SANA’A (Dispatches) – Civilian deaths and injuries in the Saudi-led war in Yemen have almost doubled since UN human rights monitors were removed in October, a non-governmental organization has said.
The ejection of monitors had opened the door to “unchecked, horrific violations”, the Norwegian Refugee Council said on Thursday, urging their reinstatement.
It said 823 civilians were killed or injured in the four months before the end of monitoring, and 1,535 in the four months after their departure.
The report added that civilian casualties caused by air raids, a tactic favored by the Saudi-led coalition, had multiplied by 39 in the same period.
“The removal of this crucial human rights investigative body took us back to unchecked, horrific violations,” country director Erin Hutchinson said in a statement.
The coalition launched the war in March 2015 to return power in Yemen to the impoverished country’s former Saudi- and United States-allied officials.
The war has killed hundreds of thousands of people and turned the entire Yemen into the scene of the world’s worst humanitarian crisis, forcing Yemeni army to retaliate.
The spokesman for the Yemeni Armed Forces says a drone attack has been launched on Saudi Arabia’s Abha International Airport in retaliation for the Riyadh regime’s ongoing military aggression and all-out blockade against the war-torn Arab country.
Brigadier General Yahya Saree said in a statement posted on his Twitter page on Thursday afternoon that the Yemeni army and allied fighters from Popular Committees used a domestically-manufactured Qasef-2K (Striker-2K) combat drone in the operation.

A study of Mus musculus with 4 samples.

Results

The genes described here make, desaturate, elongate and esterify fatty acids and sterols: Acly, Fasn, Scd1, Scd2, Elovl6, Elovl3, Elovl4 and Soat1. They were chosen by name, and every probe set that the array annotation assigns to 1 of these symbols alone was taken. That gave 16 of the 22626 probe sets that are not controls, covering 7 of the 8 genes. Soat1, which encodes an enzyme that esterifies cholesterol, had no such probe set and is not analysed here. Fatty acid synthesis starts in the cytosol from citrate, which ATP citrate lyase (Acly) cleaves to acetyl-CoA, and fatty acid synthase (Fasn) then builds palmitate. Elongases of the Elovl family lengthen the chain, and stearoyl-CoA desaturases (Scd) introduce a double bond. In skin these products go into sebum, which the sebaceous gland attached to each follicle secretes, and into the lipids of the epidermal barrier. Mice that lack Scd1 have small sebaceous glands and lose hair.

Saree added that the unmanned aerial vehicle struck a designated important military site at the airport with great precision, noting that Abha airport is among the sites where Saudi-led airstrikes against Yemen originate from.
“Who is responsible for the deaths of these children and families? We will probably never know because there is no longer any independent, international, and impartial monitoring of civilian deaths in Yemen,” the report bemoaned.
The UN Human Rights Council voted to disband its Group of Eminent International and Regional Experts on Yemen in October. The move marked the first time that the body had rejected a draft resolution since it was founded in 2006.
According to the World Food Programme (WFP), some 16.2 million Yemenis, or about 45 percent of the population, are food insecure.
The UN agency has warned that more than five million people were on the brink of famine while 50,000 others were living in famine-like conditions.
The food crisis has been compounded by a sharp increase in the price of basic commodities, which have seen a 30 to 70 percent spike since the start of the conflict. In December, the body also said it was “forced” to cut aid to Yemen due to a lack of funds.